Jakob Clark has been involved with music most of his life. He starting writing and performing music at the age of thirteen and since then has toured and played in numerous bands while refining his craft. His latest focus is a solo project entitled Far Far Future. He recently released a very enjoyable eight-song album entitled Things of This Nature that is a mix between rock and pop while tipping his hat to legends like Bowie, Roy Orbison and Echo and the Bunnymen. Clark’s songwriting is certainly impressive as is his attention to aesthetics. The songs spew pop but Clark mixes in what you could call experimental sounds and textures. He might alter his voice with modulation on one song and then implement dissonant theremin-like synth tones on another. It’s an eclectic album that gets a lot of things right.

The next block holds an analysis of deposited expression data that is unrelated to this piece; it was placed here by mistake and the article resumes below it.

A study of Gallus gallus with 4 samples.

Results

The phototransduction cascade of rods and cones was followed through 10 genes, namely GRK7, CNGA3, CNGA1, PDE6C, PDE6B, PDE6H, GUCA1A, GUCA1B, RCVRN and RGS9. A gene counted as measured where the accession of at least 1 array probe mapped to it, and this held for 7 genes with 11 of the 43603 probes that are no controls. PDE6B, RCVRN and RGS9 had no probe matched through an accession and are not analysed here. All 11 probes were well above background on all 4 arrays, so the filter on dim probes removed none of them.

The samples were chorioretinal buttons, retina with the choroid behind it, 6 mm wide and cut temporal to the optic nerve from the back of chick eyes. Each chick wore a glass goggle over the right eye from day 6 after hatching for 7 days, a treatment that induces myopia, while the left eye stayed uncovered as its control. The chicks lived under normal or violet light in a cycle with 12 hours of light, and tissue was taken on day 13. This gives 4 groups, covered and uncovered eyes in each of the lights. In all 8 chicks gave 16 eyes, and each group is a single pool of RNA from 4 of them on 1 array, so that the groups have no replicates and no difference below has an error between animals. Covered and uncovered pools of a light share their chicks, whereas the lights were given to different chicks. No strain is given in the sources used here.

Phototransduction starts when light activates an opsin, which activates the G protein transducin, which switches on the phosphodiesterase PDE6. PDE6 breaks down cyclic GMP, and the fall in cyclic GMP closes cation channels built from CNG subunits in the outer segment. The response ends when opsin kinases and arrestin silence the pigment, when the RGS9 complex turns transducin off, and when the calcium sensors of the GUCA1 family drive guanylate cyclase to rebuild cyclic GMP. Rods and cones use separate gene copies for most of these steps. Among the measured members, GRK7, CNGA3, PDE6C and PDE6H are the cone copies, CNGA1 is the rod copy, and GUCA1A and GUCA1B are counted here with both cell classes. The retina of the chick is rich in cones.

Clark has a deep, robust vocal style that can be compared to Bowie. His delivery is rich, heartfelt and effective. The vocals are certainly the anchor that holds down the songs but the music could easily stand on its own.
Clark opens with ”Batting Lashes,” which combines an acoustic guitar, a trembling modulated synth, bass and light percussion. He uses auto-tune as an effect here much in the same way that Bon Iver does occasionally. The song is just over two-minutes long and doesn’t burst out of the gate but serves to warm up the meat and potatoes of the album.
One of the highlights is unequivocally “Michael.” Clark sounds most like Bowie on this song and even the music has a ‘70s feel. Regardless of the Bowie influence the song is thoroughly enjoyable. I especially was drawn to the vocal harmonies that combine with his lead vocal. “PS, PS, PS” is a synth-based song with an ample amount of manipulated sine waves while “I Cannot Sit There” is an upbeat yet dark song that is arguably the most dance worthy on the album.
My only slight issue with the album is when it comes to the quality of the recordings. Some of the songs are a bit too narrow without much separation. Other than that the DIY approach here was better than average. Overall, Things of This Nature is a solid album and certainly worth some of your time.